A team led by University of Washington scientists has found that while temperature changes will be much more extreme at high latitudes, tropical species have a far greater risk of extinction with warming of just a degree or two. That is because they are used to living within a much smaller temperature range to begin with, and once temperatures get beyond that range many species might not be able to cope.
"There's a strong relationship between your physiology and the climate you live in," said Joshua Tewksbury, a UW assistant professor of biology. "In the tropics many species appear to be living at or near their thermal optimum, a temperature that lets them thrive. But once temperature gets above the thermal optimum, fitness levels most likely decline quickly and there may not be much they can do about it."
Arctic species, by contrast, might experience temperatures ranging from subzero to a comparatively balmy 60 degrees Fahrenheit. They typically live at temperatures well below their thermal limit, and most will continue to do so even with climate change.
"Many tropical species can only tolerate a narrow range of temperatures because the climate they experience is pretty constant throughout the year," said Curtis Deutsch, an assistant professor of atmospheric and oceanic sciences at the University of California, Los Angeles. "Our calculations show that they will be harmed by rising temperatures more than would species in cold climates.
"Unfortunately, the tropics also hold the large majority of species on the planet," he said.
Tewksbury and Deutsch are lead authors of a paper detailing the research, published in the May 6 print edition of the Proceedings of the National Academy of Sciences. The work took place while Deutsch was a UW postdoctoral researcher in oceanography.
The scientists used daily and monthly global temperature records from 1950 through 2000, and added climate model projections from the Intergovernmental Panel on Climate Change for warming in the first years of the 21st century. They compared that information with data describing the relationship between temperatures and fitness for a variety of temperate and tropical insect species, as well as frogs, lizards and turtles. Fitness levels were measured by examining population growth rates in combination with physical performance.
"The direct effects of climate change on the organisms we studied appear to depend a lot more on the organisms' flexibility than on the amount of warming predicted for where they live," Tewksbury said. "The tropical species in our data were mostly thermal specialists, meaning that their current climate is nearly ideal and any temperature increases will spell trouble for them."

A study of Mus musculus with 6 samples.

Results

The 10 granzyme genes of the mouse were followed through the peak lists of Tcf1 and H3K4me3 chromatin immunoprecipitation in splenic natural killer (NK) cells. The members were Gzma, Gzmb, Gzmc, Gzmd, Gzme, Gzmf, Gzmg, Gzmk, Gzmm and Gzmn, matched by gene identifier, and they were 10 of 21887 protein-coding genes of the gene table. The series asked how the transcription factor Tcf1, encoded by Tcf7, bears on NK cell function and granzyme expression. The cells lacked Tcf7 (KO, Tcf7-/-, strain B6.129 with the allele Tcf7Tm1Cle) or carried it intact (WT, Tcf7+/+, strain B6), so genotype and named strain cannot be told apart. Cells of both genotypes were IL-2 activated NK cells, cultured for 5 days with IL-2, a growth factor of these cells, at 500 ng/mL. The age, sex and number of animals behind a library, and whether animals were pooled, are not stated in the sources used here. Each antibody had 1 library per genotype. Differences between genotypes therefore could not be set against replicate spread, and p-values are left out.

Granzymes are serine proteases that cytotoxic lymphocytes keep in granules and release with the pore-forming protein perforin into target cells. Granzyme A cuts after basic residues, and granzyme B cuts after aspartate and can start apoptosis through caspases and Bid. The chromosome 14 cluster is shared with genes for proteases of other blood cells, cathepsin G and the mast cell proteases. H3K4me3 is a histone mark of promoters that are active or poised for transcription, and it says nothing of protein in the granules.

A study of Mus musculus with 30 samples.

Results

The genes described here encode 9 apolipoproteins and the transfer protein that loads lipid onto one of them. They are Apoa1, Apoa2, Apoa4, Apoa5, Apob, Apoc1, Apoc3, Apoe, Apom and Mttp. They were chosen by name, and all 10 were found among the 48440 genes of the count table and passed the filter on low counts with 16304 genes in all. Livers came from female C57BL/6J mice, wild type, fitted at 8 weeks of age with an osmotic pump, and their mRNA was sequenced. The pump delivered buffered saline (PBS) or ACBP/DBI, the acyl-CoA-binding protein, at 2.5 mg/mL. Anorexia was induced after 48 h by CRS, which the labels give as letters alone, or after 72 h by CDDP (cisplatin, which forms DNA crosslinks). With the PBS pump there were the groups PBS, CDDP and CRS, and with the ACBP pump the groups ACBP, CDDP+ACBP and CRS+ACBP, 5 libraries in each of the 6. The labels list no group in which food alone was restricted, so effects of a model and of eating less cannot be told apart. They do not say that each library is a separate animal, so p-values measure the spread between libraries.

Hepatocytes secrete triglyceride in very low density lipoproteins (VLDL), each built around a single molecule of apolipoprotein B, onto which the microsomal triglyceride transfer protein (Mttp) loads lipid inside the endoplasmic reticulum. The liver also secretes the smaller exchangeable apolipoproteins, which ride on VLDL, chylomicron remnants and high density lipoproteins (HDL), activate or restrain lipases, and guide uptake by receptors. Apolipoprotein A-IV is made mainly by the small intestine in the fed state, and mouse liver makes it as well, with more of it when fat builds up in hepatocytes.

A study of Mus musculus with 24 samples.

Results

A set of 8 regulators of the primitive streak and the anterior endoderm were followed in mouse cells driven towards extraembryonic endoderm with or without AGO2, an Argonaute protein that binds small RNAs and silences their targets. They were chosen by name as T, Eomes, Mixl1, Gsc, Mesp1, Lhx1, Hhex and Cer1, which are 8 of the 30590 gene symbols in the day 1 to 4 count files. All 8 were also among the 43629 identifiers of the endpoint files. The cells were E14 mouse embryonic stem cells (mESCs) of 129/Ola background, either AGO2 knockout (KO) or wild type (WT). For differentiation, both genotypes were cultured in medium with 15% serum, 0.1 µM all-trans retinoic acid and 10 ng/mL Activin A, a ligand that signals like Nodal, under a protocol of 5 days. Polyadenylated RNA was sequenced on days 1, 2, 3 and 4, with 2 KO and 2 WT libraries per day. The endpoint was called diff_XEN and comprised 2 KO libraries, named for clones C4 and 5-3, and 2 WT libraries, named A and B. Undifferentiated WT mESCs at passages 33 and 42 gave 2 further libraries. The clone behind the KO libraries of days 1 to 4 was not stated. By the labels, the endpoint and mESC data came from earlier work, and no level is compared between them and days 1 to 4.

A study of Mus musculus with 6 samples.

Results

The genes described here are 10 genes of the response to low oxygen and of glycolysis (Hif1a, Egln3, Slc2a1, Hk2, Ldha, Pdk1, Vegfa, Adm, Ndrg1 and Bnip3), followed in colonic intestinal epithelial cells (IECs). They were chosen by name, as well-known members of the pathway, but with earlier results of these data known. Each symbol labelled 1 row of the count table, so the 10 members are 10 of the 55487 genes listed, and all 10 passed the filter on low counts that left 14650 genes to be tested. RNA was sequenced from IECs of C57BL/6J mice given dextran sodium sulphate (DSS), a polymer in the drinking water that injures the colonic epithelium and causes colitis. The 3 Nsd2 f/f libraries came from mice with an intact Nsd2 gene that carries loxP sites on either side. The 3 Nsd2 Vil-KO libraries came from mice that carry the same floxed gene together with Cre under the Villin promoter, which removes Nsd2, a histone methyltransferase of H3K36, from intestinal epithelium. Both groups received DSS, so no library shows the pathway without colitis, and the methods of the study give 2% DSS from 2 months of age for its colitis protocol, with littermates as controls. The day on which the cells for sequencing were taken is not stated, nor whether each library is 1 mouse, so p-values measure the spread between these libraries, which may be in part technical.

As temperatures fluctuate, organisms do what they can to adapt. Polar bears, for example, develop thick coats to protect them during harsh winters. Tropical species might protect themselves by staying out of direct sunlight in the heat of the day, or by burrowing into the soil.
However, since they already live so close to their critical high temperature, just a slight increase in air temperature can make staying out of the sun a futile exercise, and the warming might come too fast for creatures to adapt their physiologies to it, Tewksbury said.
Other authors of the paper are Raymond Huey, Kimberly Sheldon, David Haak and Paul Martin of the University of Washington and Cameron Ghalambor of Colorado State University. The research was funded in part by the National Science Foundation and the UW Program on Climate Change.
The work has indirect implications for agriculture in the tropics, where the bulk of the world's human population lives. The scientists plan further research to examine the effects of climate change, particularly hotter temperatures, on tropical crops and the people who depend on them.
"Our research focused only on the impact of changes in temperature, but warming also will alter rainfall patterns," Deutsch said. "These effects could be more important for many tropical organisms, such as plants, but they are harder to predict because hydrological cycle changes are not as well understood."
For more information, contact Tewksbury at (206) 616-2129, (206) 331-1893 (cell) or firstname.lastname@example.org; or Deutsch at (310) 825-0088 or email@example.com.
NOTE: A high-resolution image of a beetle in Ecuador's cloud forest, a species that could be challenged by climate change, is available from Vince Stricherz, firstname.lastname@example.org.